Review: Miles Triplett’s ‘Social’ Centers Black People Navigating Mental Health

Social anxiety disorder is the persistent fear of being watched and judged. Someone with social anxiety has fear of speaking in public, meeting new people, dating, or having to talk to a waiter in a restaurant. Doing everyday things also may cause anxiety or fear due to concerns about being humiliated and rejected.

According to the National Institute of Mental Health, an estimated 7.1 percent of adults in the United States had social anxiety disorder in the past year.

In Miles Triplett’s film Social, we find Gary, who has been diagnosed with social anxiety disorder, lives a lonely life, and suffers from panic attacks. He meets Alexis, who has been diagnosed with ADD. Through a series of events, together they attempt to find the one person who Gary has never had anxiety around — his high school girlfriend Kayla.

What interested me about Social is that it centers Black people navigating through their mental health issues. It’s something we don’t see very often in film. For someone like me who battles anxiety, I was curious how the theme would be represented. Everyone in the film has a distinct issue, yet it all seems to work effectively. Underneath the comedy, there’s the difficult truth of mental illness. Using comedy helps to understand and connect with what the characters are going through.

Gary has recently moved to Atlanta and works from home. There is an attempt to make him seem pathetic, and it works. Then your mind returns to the fact that he’s battling a disorder, and now you’re able to gain insight to what he goes through. Gary has found a therapist to help him with his diagnosis. Dr. Dill, played by Triplett, keeps things a little too real. He’s so inappropriate and outrageous! That is not an understatement.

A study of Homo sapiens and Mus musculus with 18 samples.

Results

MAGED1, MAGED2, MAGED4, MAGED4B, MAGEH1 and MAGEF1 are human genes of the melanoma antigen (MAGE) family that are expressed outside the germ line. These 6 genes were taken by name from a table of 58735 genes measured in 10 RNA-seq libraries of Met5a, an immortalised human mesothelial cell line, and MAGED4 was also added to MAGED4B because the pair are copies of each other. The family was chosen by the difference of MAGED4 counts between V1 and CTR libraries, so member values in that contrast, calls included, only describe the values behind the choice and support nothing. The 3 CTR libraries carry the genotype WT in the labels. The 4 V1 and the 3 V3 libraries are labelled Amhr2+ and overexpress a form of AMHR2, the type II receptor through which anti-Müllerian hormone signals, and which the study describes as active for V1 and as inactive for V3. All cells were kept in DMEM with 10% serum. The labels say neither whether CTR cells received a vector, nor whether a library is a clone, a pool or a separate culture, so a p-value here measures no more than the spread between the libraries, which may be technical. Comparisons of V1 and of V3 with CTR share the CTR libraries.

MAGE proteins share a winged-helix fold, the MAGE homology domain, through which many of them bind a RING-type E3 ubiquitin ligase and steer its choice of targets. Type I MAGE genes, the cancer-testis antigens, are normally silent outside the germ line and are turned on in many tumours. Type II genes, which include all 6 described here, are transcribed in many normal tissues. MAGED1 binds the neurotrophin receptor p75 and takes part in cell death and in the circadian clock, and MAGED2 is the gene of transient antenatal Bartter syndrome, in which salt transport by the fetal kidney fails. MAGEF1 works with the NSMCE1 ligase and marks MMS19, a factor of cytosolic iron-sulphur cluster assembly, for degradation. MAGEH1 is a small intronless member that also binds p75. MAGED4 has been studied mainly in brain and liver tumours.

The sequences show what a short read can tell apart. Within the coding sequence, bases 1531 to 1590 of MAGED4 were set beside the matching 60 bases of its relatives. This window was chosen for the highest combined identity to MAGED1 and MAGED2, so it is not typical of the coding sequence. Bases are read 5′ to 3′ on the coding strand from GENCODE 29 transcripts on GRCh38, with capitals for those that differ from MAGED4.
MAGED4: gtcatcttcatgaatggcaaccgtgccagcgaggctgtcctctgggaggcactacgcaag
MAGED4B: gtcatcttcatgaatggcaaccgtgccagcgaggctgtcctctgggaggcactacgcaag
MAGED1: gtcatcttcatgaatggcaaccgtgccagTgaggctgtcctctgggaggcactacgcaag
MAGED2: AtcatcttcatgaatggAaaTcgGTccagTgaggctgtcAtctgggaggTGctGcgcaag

Surprisingly, the doctor manages to offer up a challenge for Gary — to start a conversation with the first person he sees. With that in mind, Gary comes across a crying woman on a park bench, Alexis. Initially, it doesn’t go well. As luck would have it, they meet up again later and a journey ensues.

Alexis conveniently having ADD may sound like a train wreck waiting to happen. It doesn’t help that she is extremely annoying at first. Alexis agrees to help Gary find Kayla, his ex-girlfriend from high school and the one person he feels completely himself with. The two begin a search that leads them to all sorts of characters, from Tracey, the bipolar fitness instructor, to Okuye, Kayla’s arrogant ex-boyfriend.  

As the film progresses, we see that Alexis is everything Gary admires and wishes he could be. Gary provides something for Alexis that she’s never had before. They can identify with what each other is going through, instead of having to hide. I quickly grew to love each character, and root for them.

Clearly, it’s Dr. Dill that steals the show for me. At the end of the film, we learn something interesting about him, and I couldn’t stop laughing. Nonetheless, the importance of therapy was stressed, and I liked how that was centered over taking medication. As Gary says, “People are too quick to take medication and don’t really know what they’re putting in their bodies.”

The film is funny, but there were some moments that just didn’t make sense to me. For example, the initial emphasis on Gary not being attractive but women finding his awkwardness appealing. It was funny the first time, but it kept going. It was as if his weakness made him more attractive to these women with strong personalities. Another example is the coordinated dance routine with Alexis and Gary. It came out of nowhere and was corny. It didn’t fit into the film at all. I realized the point was to show their relationship had changed; however, it was an odd way of showing that.

Social becomes more serious at the end. Truths are revealed that made the characters more real, especially Alexis. My main takeaway is that oftentimes the thing we believe is best for us is what holds us back. At the end of the film, Alexis says something very powerful: “I feel confident, I feel protected, and I feel invincible.” Those are commanding words coming from a Black woman.

Triplett’s goal in the film is to shed light on social anxiety and ADD in the Black community. I believe the goal was achieved and am glad that he used a romantic comedy to explore that. The Black community has an increased rate of mental health concerns, and this film is a great effort to bring the issue to the forefront.

I enjoyed watching the film. The music was conducive in telling the story and the acting was great. You have to watch the ending to find out about the “therapist.” Well-played.

Social is available to watch on Tubi.